EU enlargement / COMMENTARY

Date: 16/07/2009
The Republic of Macedonia was the first Western Balkan country to sign a Stabilisation and Association Agreement (SAA) with the European Union, on 9 April 2001, following a worryingly rise in domestic ethnic tensions between the Slavic majority and the Albanian minority. It was then granted much-coveted “candidate” status for EU membership as early as 2005 – yet it is still waiting for the beginning of accession negotiations.
The bilateral dispute with Greece over the country’s name continues to block the country’s accession to NATO and is often referred to as a stumbling block along its path towards EU membership.
But Skopje is facing several political challenges well beyond the name game – from the process of harmonising the country’s legislation with the Union’s standards (in relation to both starting accession negotiations and liberalising the visa regime) to the continued implementation of the Ohrid Framework Agreement; from the overall effort to achieve full inclusion of the Albanian community in the social, political and economic fabric of the country to the struggle to maintain the constitutional separation of powers between church and state. (The centre-right government remains unhappy with the Constitutional Court ruling banning religious teaching in public schools.)
The recent “Accession Watch” Report produced by the Macedonian Centre for European Training concluded that there is progress to be made in the seven remaining benchmarks identified in the last European Commission Progress Report: political dialogue; police laws; judicial reform; anti-corruption legislation, public administration; employment; and the business climate. (One benchmark - “fair and democratic elections” - has just been met.)
Many of these benchmarks can realistically be reached before the Commission’s next Progress Report, due in October 2009, since they involve procedural matters that can easily be tackled by both the executive and the legislative branches. However, some concerns persist as too many laws are hastily adopted, only to fall later at the constitutional level.
But there are also some grounds for optimism despite the challenges outlined above: in contrast to the violence of last year's parliamentary polls, which stoked fears that the country’s EU membership would be further delayed, voting in Macedonia's presidential and local elections in March and April 2009 took place peacefully.
Many saw this as a milestone on Macedonia’s EU path, with Enlargement Commissioner Olli Rehn himself welcoming “the overall satisfactory conduct of the presidential and municipal elections in the Former Yugoslav Republic of Macedonia”, although the outcome leaves a number of questions unresolved. A relatively low turnout (42%) – particularly in the run-off presidential ballot in the west, where most of the Albanian community lives – has raised concerns about the government’s ability to integrate the country’s largest domestic minority and hardly strengthens the legitimacy of democratic institutions.
Since it fulfilled all the necessary conditions, Macedonia also tops a list of Western Balkan countries expecting to be, but not yet, granted a visa-free regime with a majority of EU countries (those in the Schengen free-movement area) by early 2010. This will significantly boost the development of people-to-people contacts between the EU and Skopjie, and help soften the regional impact of the global economic crisis. However, visa liberalisation should not be understood as a consolation prize replacing the long-awaited beginning of accession negotiations.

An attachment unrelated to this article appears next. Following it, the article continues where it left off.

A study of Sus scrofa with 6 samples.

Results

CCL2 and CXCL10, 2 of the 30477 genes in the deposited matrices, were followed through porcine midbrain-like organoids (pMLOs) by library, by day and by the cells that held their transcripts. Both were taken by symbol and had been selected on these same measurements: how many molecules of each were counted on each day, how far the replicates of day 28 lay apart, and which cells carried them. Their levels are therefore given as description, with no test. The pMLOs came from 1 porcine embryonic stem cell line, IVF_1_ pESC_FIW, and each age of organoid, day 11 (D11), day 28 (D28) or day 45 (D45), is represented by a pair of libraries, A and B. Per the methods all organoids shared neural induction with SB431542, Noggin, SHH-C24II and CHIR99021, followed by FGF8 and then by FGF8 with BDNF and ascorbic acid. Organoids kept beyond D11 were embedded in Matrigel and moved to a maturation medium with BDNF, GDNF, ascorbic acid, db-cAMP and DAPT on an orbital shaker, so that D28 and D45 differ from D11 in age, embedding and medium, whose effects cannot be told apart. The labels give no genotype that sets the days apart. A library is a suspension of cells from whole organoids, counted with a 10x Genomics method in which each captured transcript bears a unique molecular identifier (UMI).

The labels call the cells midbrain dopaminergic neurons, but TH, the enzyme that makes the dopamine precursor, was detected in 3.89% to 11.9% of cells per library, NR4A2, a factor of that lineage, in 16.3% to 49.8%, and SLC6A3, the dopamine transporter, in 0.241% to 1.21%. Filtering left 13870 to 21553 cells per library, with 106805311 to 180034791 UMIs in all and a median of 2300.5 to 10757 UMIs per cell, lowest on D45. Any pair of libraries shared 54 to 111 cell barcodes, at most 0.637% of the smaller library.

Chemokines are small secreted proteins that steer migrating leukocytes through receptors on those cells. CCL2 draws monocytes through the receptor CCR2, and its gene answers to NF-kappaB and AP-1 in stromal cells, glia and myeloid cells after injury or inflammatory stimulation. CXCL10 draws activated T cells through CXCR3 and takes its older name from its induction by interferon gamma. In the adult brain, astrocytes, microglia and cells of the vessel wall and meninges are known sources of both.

Whether this happens by the end of 2009 will not only depend on the EU, but also on the government’s ability to achieve the remaining seven benchmarks.
Meanwhile, the stand-off between Athens and Skopjie over the name issue continues. After last year’s NATO Summit in Bucharest, it became clear that Greece would only agree not to block Macedonia’s bid to join the alliance if it changed its official name. For their part, Macedonian politicians (and the public, judging by recent opinion polls) will not back down on the name issue even if this means sacrificing future EU membership.
After christening the country’s largest airport “Alexander the Great” in December 2008, the Macedonian government decided to rename the main north-south motorway “Alexander the Macedonian”. This was the latest in a long list of sites and buildings given ‘antique’ names since 2006, when the VMRO-DPMNE party came to power. In part, this is clearly a response to Greece’s obstructionist stance. However, private conversations with leading politicians from the governing coalition suggest that the so-called process of “antiquisation” of Macedonia is also seen as giving Skopjie an extra bargaining chip in its tug-of-war with Athens.
Not only is this somewhat naïve, but it also damages Macedonia’s standing with its allies. While a majority of EU and NATO members are sympathetic towards the situation the country finds itself in, European public opinion overwhelmingly regards the image of Alexander the Macedonian as intrinsically linked to the Hellenic (i.e. Greek) identity. A claim by any other state but Greece to this historic and cultural legacy is considered, to put it mildly, illegitimate.
In the context of the process of building a distinctly Macedonian (non-Hellenic) national identity, which began in 1991, and cementing the state’s territorial integrity, its “antiquisation” risks becoming a liability. Worse still, a nationalistic agenda may help to consolidate consensus internally in the short term, but undermines the process of fostering the inclusion of minorities and may well become an alibi to postpone much-needed reforms by blaming others for the current stalemate.
Srdjan Cvijic is an External Expert working with the European Policy Centre on the Western Balkans.